Leading a Child to Jesus


As churches become more intentional about evangelism, Sunday school leaders like you disciple more and more children who are at the very beginning of their Christian journey. When the Holy Spirit works in their hearts, these children begin to respond to the call of the gospel. Covenant children too commit their lives to the Lord, for every covenant has two parts: God’s promises and our faithful, obedient response. Paul’s words in Romans 10:9 are true for every child: “If you confess with your mouth, ‘Jesus is Lord,’ and believe in your heart that God raised him from the dead, you will be saved.”

As a Sunday school leader, what is your role in this miraculous, God-initiated process? Every child’s spiritual journey is unique. Every leader’s relationship with his or her children is different. No “how-to” formula will replace the leading of God’s Spirit in your own heart as you prayerfully seek to follow Jesus’ command “Let the little children come to me, and do not hinder them, for the kingdom of heaven belongs to such as these” (Matt. 19:14). The following questions and answers will encourage you to make the most of the opportunities that God’s Spirit provides.

Q. Is it my job as a church school teacher to lead a child to Jesus?

A. Yes! That’s your main purpose for teaching church school. Through all you do in the classroom, you are seeking to bring children into a living, growing relationship with Jesus, recognizing always that it is the work of the Holy Spirit to convince a child to respond to the gospel message you present. But note these specifics:

  • It may be important for you to follow up with individual children—particularly if you notice from their participation in the class that they may be ready to take another step in their faith journey.
  • Nurturing children’s faith is first and foremost the task of believing parents. In the case of children from a Christian home, your role is to support, reinforce, and enrich what happens there, fulfilling a promise your church family made at the child’s baptism.
  • If a child comes from a non-Christian home, you may have to take more initiative in guiding the child’s faith journey. But be sure to include the family as much as you can. Invite parents or family members to participate when you talk with the child. Or encourage the child to share her initial commitment to Jesus with her family.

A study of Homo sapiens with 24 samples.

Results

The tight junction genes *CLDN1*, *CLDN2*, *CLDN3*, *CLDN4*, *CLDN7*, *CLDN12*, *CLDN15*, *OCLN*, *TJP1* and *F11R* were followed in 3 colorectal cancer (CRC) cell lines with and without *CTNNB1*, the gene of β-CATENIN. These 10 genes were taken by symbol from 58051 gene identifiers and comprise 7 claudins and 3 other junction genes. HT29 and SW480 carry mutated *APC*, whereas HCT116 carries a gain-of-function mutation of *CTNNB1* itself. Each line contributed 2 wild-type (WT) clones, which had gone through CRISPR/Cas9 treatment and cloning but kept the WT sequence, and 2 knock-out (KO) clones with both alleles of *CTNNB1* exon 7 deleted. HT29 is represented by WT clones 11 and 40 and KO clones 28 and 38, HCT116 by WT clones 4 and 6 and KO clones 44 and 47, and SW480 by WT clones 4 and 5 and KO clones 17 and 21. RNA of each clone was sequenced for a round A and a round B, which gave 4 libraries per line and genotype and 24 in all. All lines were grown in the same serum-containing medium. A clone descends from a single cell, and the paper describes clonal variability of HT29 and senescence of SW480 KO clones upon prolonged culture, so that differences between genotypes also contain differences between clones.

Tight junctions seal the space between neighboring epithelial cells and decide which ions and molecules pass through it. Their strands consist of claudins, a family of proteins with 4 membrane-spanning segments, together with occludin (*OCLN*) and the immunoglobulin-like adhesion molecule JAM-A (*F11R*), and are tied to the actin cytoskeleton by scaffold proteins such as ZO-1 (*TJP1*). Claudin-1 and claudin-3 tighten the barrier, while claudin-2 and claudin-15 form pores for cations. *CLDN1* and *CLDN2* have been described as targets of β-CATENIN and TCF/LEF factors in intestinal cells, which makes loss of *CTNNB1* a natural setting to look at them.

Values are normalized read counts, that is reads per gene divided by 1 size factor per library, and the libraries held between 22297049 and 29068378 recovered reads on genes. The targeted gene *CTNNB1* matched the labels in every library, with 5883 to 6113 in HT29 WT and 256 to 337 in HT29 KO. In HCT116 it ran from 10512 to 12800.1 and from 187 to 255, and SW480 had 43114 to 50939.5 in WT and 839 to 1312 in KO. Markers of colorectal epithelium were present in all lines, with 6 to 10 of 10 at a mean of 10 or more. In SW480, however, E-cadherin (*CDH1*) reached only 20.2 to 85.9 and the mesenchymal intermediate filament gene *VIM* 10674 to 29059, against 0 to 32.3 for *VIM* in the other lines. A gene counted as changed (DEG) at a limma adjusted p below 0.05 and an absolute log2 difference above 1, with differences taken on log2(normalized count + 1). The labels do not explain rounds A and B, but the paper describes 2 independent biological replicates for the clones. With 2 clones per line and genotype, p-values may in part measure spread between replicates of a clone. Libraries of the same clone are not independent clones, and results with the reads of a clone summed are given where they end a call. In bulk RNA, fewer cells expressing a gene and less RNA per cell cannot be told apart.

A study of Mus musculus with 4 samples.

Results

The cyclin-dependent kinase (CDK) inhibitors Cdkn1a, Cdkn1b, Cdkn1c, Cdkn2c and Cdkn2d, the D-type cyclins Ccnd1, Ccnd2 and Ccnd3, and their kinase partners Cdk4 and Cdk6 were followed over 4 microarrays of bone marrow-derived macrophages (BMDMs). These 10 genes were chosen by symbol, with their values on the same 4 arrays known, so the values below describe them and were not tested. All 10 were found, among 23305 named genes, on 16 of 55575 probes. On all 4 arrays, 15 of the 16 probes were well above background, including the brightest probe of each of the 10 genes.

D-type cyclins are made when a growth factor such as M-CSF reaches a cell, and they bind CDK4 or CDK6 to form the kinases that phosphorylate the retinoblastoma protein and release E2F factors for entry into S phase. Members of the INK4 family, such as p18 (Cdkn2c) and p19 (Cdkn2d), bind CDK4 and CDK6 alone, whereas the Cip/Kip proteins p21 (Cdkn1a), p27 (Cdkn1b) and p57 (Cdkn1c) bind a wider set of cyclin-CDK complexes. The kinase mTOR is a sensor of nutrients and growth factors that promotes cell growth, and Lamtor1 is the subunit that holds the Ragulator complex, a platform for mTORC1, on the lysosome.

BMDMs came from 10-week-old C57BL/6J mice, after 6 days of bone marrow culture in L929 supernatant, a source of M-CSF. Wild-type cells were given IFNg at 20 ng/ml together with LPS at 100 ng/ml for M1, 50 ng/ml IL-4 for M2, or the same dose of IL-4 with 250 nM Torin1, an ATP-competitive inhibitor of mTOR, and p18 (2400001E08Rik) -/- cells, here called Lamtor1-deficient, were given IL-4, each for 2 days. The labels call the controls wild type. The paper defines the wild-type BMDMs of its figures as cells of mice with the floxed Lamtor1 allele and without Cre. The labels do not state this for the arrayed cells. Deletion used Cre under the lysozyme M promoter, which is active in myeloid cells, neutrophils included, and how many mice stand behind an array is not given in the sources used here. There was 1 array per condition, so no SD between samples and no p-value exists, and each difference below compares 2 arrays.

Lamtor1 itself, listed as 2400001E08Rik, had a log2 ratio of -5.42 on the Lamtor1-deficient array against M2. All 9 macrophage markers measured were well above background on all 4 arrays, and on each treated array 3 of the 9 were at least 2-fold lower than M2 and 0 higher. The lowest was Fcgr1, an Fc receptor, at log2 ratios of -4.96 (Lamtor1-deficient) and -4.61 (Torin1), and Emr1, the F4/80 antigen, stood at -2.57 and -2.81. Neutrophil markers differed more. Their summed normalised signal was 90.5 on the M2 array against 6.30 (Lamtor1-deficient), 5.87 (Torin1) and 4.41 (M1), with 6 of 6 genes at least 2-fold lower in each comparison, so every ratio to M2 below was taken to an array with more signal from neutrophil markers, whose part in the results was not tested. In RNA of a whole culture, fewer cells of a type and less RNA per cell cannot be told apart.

• Enlist the support of the pastor or other church leaders and mentors as well. Keep them informed so that they can encourage the child in the step she has taken.

Q. Should I encourage a child to make a specific commitment to Christ?

A. Possibly. It depends on the age level of the child and on the child’s sincerity. In seeking a specific commitment, we can make two mistakes:

  • We can manipulate children to make a commitment they are not ready to make. For example, young children are eager to please their leaders. If you ask them to make a commitment to Jesus, they will readily do what they think you want them to do. Keep in mind that doing so before they are ready will be meaningless because they will not understand what they are doing.
  • We can ignore clear signs of a child’s desire to express his commitment to Jesus. By doing so we miss a God-given opportunity to direct him in taking this next, crucial step of verbalizing, in an age-appropriate way, his commitment to Christ.

Q. Should I try to convert the child?

A. No way! You couldn’t if you tried! Conversion comes by way of the regenerating work of God’s Holy Spirit in the child’s heart. You can present God’s Word in a way that is meaningful to the child. You can show the way by modeling your own faith. But only God’s mysterious work can give a child saving faith. What you can do, when appropriate, is

  • pray for the child.
  • present the gospel to the child in an age-appropriate way.
  • answer the child’s questions.
  • clear up any misunderstandings.
  • help the child understand and respond to the Spirit’s work within him.
  • allow the child to express her desire to belong to Jesus and personally accept Jesus’ saving work for her.
  • help the child to pray.
  • help the child to follow up on her commitment.